Making Room for Your Fear

Many mornings, I wake up around 4:00 or 5:00 am worrying about stuff. This is my worry time and I am sure it is deeply rooted in childhood traumas and family business.

Over the years, I have used a variety of approaches to getting back to sleep including thinking positive thoughts, progressive relaxation, prayer, meditation, and diphenhydramine (Benadril). All these things work, sort of.

I have concluded that nothing will change the basic fact that my brain is wired to worry. No amount of logic, yoga, breathing, or meditation is going to eliminate worry. Though, if you’re a worrier and you are not practicing some form of meditation, you really need to consider it.

Maybe you’re like me. It’s okay. There are a lot of us worriers. Every expert has a solution to this. Here is mine. It has three steps.

Step 1. Accept Your Fear
Recognize that you are worrying and that your worries have no real meaning. You are, at the moment, safe in your bedroom. There are no lions or tigers or bears. Nothing bad is going to happen, at least, until morning. After that, all hell may break loose.

Step 2. Make Room for You Fear
Locate your fear. It will be in your body somewhere. Mine is usually centered in my stomach. Once you have located your fear, let it be there. Don’t fight it but don’t fan it either. Make some room for it. It won’t last, unless you want it to and that’s another discussion.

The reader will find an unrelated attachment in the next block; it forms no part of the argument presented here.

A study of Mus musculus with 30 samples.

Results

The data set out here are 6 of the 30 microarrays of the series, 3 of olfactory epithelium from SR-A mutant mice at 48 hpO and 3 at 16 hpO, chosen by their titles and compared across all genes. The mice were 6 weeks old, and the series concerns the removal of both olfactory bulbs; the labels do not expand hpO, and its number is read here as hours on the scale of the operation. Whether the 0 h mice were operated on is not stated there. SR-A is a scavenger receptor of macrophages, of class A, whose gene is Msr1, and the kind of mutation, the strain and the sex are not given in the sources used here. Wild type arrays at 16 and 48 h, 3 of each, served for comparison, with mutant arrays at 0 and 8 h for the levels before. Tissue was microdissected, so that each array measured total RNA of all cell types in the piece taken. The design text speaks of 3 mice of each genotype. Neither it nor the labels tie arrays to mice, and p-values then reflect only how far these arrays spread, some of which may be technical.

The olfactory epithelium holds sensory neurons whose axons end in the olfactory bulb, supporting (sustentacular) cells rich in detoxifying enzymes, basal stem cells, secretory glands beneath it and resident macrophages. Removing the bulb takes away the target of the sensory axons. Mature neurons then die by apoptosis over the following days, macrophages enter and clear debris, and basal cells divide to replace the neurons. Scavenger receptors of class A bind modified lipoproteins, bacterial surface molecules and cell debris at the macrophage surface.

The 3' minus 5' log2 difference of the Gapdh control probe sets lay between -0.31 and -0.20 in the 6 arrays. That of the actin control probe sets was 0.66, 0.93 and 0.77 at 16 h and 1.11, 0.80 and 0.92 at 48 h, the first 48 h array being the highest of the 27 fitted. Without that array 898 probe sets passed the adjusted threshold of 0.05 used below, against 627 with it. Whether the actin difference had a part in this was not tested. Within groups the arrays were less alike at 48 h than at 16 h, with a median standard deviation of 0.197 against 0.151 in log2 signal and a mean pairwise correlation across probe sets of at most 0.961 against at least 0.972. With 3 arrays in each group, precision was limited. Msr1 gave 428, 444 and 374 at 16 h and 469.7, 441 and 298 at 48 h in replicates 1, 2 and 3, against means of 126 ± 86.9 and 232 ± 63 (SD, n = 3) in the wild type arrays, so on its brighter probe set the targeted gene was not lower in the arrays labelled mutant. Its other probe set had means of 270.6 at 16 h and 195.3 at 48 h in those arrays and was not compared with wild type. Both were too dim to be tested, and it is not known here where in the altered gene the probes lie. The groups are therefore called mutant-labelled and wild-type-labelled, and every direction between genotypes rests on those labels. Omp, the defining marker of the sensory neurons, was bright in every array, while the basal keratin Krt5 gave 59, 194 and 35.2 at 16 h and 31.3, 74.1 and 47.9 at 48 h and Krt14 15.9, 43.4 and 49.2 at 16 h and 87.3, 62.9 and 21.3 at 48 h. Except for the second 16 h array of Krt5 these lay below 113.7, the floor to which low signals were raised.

Step 3. Cultivate Faith in Tomorrow
Remind yourself that nothing can happen that you can’t handle. People who believe in God like to say that God never gives them more than they can carry. Also remind yourself that fear is part of being alive and anyone who has nothing to worry about must lead a pretty dull life.

Fear is part of life. Move over and make some room for it.

Less than Helpful Advice

If you want to know more, the advice above is based on Acceptance Commitment Therapy (ACT). There are lots of books and web articles about it.


About almondhead

I am a mental health counselor in private practice. One of the focuses of my practice is helping people with fear, anxiety and their ugly stepsister, depression. I became a counselor after a long career in the technology world, so naturally, I think of the brain as an engineering problem. It can help to understand something about how the brain works. I decided to start this blog as a way to help other people learn about fear, anxiety and relationship. (All our problems are really about relationships.) You can also find me at:

  1. Greg says:

    Some helpful info on an important topic. Thanks!